The Plaudits

motherbirdSadly, pastoral places like Road’s End Farm have been succumbing to development at a disconcerting pace in recent years due to a number of factors, none of which give much credence to their worth to young people.   With their passing have gone still more of the vestiges of a way of life rooted deeply in the rhythms of nature and the harmony of living beings.

kaitlynandoliverThankfully, serendipity has played a major role in saving the end of Jackson Hill Road as an open air classroom for girls and horses to teach one another about the give and take involved in life.   Of course, the people who have personified this good fortune, and without whose fine efforts, knowledge, and wherewithal the Farm would be but a memory, deserve special recognition for their mostly unsung contributions.   Only by honoring these generous individuals can one fully appreciate the unique collaboration of kindred spirits that results in something so fleeting yet so formative as a young girl’s summer camp experience on a working horse farm.


The Families
Coaxed into existence long ago by parents who valued the thought of Bob Woodman teaching their children more than just horsemanship, the camp has drawn upon the insight and wisdom of parents ever since.   While the Farm is deeded to the Woodman family, the camp in essence belongs to the families who have supported and helped define the camp program down through the years with their camp fees, constructive advice, and encouraging words.   Beginning with the wonderful daughters they have sent to Road’s End Farm and continuing on with their apt referrals of praiseworthy young women to be on the staff and their candid recommendations to the families of prospective campers years later, parents have been instrumental in perpetuating the camp and preserving the Farm.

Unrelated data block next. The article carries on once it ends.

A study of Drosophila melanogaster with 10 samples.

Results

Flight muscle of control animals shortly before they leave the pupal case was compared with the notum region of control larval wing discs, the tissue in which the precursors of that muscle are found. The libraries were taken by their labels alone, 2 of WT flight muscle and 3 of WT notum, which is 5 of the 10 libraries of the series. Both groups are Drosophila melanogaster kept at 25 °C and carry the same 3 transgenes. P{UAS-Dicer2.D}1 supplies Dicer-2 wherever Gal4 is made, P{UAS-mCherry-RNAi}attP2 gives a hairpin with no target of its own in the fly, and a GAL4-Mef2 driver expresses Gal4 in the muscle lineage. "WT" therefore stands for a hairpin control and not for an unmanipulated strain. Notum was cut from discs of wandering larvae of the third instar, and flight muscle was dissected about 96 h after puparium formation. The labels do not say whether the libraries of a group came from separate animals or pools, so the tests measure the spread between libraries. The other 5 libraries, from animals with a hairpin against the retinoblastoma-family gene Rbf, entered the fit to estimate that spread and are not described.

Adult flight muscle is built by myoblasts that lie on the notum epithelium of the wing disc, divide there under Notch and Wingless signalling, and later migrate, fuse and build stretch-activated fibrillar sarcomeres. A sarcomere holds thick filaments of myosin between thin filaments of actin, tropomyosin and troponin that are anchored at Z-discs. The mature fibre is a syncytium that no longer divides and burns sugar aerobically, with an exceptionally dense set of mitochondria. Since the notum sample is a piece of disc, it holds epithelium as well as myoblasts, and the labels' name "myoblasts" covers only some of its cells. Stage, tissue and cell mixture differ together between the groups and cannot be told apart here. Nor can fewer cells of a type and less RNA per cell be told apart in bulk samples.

People with a soft spot in their hearts for the camp and for what it has meant to the horse-loving girls who have been a part of it owe a debt of gratitude to the many parents, grandparents, aunts, and uncles who have believed in and sustained the Farm since those early camp days.   This brief acknowledgment here along the way is but a small token of the Woodmans’ appreciation for all the families over all the years who have made Road’s End Farm viable for so many girls to experience and to enjoy.

The Full-Tifulltimersmers
Differing from camps that open up each summer after Memorial Day and close up before Labor Day, Road’s End Farm is a year-round endeavor involving continual maintenance and husbandry tasks.   For the most part this work has fallen squarely on the shoulders of three dedicated people who have been assisted on a regular or emergency basis by the veterinarian, the farrier, and the hay man.   Whatever success the Farm has enjoyed over the years must be attributed in large measure to these six forehanded individuals, whose combined sixteen decades of unstinting service to two generations of Woodmans could never be adequately compensated.

Much less prominent but none the less crucial to the smooth operation of the camp are the countless people employed by the Farm’s many vendors and service providers, who take pride in their workaday lives and consistently go the extra distance to make certain that Road’s End Farm offers campers and horses the best environment possible.   Since the camp’s staff is front and center to receive accolades for its fine efforts each summer, ’tis only fitting that you should pass by this heartfelt tribute to all the folks who labor diligently in the background to keep the Farm ready for each camp season and each camper.